July 1, 2020
The number of distributed denial of service (DDoS) attacks skyrocketed more than 540% in the first quarter compared to the last quarter of 2019.
In the first quarter, DDoS attacks rose more than 278% compared to Q1 2019. And they rose more than 542% compared to the previous quarter.
Other findings include:
User datagram protocol (UDP) is often a smokescreen to mask other malicious activities. It was the most popular type of approach, comprising more than 75% of attacks this quarter.
More than 90% of attacks used a single vector, compared to the previously popular multi-vector attacks.
Tony Miu is research manager at Nexusguard. He said when it comes to a DDoS attack, no particular industry is spared. The more common industries are ISPs, financial service institutes, e-business, gaming, education and government.
Nexusguard’s Tony Miu
“If victims don’t have an existing DDoS mitigation solution or strategy, DDoS attacks will take their online assets offline,” he said. “In our findings, the majority of recent DDoS are volumetric in nature, [with the goal of] exhausting the bandwidth resources of the victims. During such an attack, their connectivity to the internet will be congested. And, as a result, their online service will [become] unavailable to their normal users. This situation can persist indefinitely until the attackers relent, or until the victim puts in place an effective solution to address the DDoS problem.”
Attacks can cause collateral damage to other unwilling entities sharing the same resource, Miu said. Those can be an internet prefix or an ISP device, Miu said.
“DDoS protection solutions come in various forms, with varying cost to implement and effectiveness,” he said. “We believe all organizations should have a DDoS playbook and a DDoS solution in place, however basic it might be; for example, a clean pipe add-on that can come from its ISP providing its internet connectivity. The playbook should also identify and cover advanced strategies that [one] can employ quickly when under an advanced attack.”
In an effort to curb the spread of COVID-19, working from home has become the new norm. Household internet connectivity is more important than ever. This heavy reliance on online services has given rise to a trend of attacks meant to overwhelm ISPs.
In addition to traditional DDoS attacks, Nexusguard researchers identified various abnormal traffic patterns, including small, short attacks dubbed “invisible killers.” ISPs often overlook these attacks, giving these invisible anomalies access to website and online services networks to cause havoc.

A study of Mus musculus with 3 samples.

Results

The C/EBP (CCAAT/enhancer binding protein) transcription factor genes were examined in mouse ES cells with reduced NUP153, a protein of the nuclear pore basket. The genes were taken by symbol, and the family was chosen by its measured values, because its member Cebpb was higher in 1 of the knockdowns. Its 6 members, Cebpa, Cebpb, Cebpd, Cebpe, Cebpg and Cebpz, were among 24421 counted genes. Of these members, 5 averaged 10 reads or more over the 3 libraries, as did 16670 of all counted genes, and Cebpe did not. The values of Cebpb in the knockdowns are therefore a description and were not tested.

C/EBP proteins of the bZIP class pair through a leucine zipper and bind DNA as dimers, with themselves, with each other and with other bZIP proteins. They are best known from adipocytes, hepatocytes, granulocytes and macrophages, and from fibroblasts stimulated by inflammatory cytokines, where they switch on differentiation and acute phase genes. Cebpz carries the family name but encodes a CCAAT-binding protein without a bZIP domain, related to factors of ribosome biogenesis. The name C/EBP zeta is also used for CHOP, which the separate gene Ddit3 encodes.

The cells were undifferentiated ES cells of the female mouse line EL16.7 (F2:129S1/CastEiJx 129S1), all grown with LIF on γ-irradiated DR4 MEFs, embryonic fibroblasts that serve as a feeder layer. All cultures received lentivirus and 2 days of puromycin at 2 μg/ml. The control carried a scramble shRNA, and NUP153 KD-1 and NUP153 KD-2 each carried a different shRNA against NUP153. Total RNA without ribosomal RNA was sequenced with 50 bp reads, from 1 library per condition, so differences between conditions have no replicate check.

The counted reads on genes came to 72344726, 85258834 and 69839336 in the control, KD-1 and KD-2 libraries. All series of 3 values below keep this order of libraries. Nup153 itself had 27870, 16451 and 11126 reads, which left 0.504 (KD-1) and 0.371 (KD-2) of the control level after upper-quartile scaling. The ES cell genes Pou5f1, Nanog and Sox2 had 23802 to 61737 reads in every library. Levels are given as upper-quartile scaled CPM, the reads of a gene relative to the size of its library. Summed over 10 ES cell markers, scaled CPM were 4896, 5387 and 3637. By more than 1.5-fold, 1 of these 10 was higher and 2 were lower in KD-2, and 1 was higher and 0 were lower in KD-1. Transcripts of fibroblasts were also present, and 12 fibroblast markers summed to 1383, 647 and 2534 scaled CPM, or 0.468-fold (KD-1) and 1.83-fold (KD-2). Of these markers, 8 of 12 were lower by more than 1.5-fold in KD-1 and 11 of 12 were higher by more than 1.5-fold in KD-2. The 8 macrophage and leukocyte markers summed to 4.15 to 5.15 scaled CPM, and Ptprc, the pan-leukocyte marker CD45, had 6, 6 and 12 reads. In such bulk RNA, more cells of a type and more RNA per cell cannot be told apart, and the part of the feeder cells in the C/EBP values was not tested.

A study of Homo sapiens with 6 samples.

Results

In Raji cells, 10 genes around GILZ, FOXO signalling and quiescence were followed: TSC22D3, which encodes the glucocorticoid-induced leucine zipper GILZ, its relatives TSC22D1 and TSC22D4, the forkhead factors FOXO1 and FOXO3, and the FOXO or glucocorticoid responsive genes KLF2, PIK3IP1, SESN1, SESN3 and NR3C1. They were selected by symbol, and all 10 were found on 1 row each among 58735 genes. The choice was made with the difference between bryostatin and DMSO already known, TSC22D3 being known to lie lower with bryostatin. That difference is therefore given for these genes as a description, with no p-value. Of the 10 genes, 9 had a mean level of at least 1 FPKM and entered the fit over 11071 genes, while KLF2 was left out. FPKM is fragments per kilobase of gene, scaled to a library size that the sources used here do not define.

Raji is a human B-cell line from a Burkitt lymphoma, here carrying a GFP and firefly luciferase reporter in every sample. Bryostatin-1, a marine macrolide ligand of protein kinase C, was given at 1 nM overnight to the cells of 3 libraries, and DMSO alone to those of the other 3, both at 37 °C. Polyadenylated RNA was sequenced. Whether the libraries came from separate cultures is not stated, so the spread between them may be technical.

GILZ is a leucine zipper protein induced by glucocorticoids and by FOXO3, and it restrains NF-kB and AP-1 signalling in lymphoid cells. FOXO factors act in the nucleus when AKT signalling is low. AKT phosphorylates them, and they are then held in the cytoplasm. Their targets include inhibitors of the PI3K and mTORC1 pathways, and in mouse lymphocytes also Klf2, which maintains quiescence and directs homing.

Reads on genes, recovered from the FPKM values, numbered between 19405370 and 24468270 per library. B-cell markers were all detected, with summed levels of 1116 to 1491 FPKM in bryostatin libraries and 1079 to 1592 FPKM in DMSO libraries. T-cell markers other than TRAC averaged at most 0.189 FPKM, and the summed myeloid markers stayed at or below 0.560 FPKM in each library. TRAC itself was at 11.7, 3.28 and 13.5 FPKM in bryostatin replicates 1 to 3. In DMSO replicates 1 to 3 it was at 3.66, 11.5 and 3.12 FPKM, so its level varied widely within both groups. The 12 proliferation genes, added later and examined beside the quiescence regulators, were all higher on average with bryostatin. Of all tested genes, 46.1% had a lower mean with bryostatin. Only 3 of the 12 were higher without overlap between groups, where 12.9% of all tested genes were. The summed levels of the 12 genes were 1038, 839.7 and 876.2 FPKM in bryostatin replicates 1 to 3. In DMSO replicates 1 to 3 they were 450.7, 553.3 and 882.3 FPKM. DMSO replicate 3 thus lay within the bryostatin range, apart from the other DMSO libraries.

Also, bits-and-pieces attacks continue to infiltrate traditional threshold-based detection. These attacks result from drip-feeding doses of junk traffic into a large IP pool. That can clog the target when bits and pieces start to accumulate from different IPs.
“Organizations should identify and organize resources and assets so that in the event of an attack, collateral damages to non-targeted assets are minimized,” Miu said. “At the same time, the effectiveness of DDoS mitigation can also be increased.”
DDoS is also a problem for service providers, he said.
“At the same time, this problem also presents huge opportunities to these service providers to elevate their core offering and augment it with DDoS-related cybersecurity products and managed services,” Miu said. “DDoS mitigation service is no longer … just an audit element for companies and government departments. More importantly, practical solutions are necessary to enable continued business operations. The importance of the human element – talents well versed in DDoS mitigation and its shortage, is now even more prominent and also a challenge that the industry as a whole is now facing.”
(That being said, when reviewing the report, it is worth noting that Nexusguard provides DDoS protection services.)
The next DDoS spikes could be politically motivated with the November general election on the horizon, Miu said. Critical online services such as online voting systems, media outlets and more will become high potential targets, he said.
“With the end of the pandemic being nowhere in sight, the working style and business model have gone through many changes, some of which are seemingly permanent in the post-pandemic world,” Miu said. “We believe the threat and practicability of DDoS attacks will only exacerbate and we will see a rise of DDoS-for-hire services.”